New Delhi: Several British lawmakers on Tuesday flayed the persecution of Muslims, Christian and other minority groups in India. Speaking in the UK parliament, they called on the British government to include human rights clauses in any future trade deal with India.
”True friendship requires not turning a blind eye to each other’s faults and we must protest persecution of minorities in India,” Conservative MP Sir Edward Leigh said.
Democratic Unionist Party (DUP) MP Jim Shannon called on the UK government ”to ensure that robust human rights provisions are included in any future trade and investment agreement.”
”Violations of freedom of religious belief lead to domestic conflict, which is good neither for India’s economic prosperity, nor for the chances of a stable, long-term trading relationship between India and the UK,” he said.
The debate focused on issues like maligning of Muslims using pejorative terms like ”bio-terrorists” and corona-jihadis” during the lockdown in India, the spread of anti-conversion laws targeting Muslim youth, the controversial Citizenship (Amendment) Act (CAA) discriminating against Muslims, burning of bibles, attacks on churches and mosques and targetting of Sikh farmers exercising their democratic right of peaceful protest against contentious farm laws.
Shanon brought up the mob attack on Christians that took place in February last year near Raipur as he alleged, ”much of the violence against minorities is not appropriately investigated by government authorities.”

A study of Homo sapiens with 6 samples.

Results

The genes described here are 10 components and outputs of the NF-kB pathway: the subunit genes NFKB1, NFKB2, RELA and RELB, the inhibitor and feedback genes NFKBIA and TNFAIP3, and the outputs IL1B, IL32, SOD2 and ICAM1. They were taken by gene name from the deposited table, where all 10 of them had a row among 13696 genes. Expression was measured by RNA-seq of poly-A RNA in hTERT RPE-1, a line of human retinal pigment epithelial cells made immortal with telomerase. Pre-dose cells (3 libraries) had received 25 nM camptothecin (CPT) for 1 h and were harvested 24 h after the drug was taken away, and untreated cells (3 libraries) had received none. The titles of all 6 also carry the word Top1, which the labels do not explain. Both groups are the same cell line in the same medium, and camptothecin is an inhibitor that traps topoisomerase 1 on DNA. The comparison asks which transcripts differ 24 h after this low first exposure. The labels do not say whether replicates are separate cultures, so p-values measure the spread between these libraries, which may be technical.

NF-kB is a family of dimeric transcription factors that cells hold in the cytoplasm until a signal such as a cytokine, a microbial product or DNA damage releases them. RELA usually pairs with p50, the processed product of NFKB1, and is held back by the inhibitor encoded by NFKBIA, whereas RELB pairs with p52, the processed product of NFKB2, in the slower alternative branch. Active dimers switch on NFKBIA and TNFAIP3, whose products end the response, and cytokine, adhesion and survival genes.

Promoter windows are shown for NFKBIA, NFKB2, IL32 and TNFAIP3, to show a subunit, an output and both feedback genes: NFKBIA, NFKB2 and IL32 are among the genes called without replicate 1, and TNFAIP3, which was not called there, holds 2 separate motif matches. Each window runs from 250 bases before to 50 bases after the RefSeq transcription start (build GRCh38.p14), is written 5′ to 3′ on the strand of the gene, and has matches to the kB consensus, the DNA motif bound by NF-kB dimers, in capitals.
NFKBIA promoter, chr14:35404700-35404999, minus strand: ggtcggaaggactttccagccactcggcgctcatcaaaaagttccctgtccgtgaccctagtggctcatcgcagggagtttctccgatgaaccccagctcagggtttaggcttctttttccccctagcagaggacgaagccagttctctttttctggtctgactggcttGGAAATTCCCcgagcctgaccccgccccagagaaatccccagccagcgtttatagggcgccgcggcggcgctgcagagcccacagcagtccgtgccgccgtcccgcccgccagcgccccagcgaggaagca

Minister for Asia Nigel Adams, said: ”India faces challenges in enforcing its constitutional protections for freedom of religion or belief. We look to the government of India to address these concerns.”
Theresa Villiers, a conservative member lauded how in 2004 Congress leader Sonia Gandhi, a catholic, facilitated handover of power to Manmohan Singh, a Sikh, who took oath as prime minister administered by President A.P.J. Abdul Kalam, a Muslim.
Some MPs took exception to the debate about what they said was India’s internal matter.
Labour MP Barry Gardiner said he had received letters from Indians in the UK who were outraged by the debate. ”People in India might not regard our intervention as welcome or appropriate,” he said. Gardiner is the recipient of Padmashree, a civilian award conferred by the Indian government.
The Indian High Commissioner reportedly had sent briefs to participating lawmakers to try to counter ”misinformation” emanating from the debate.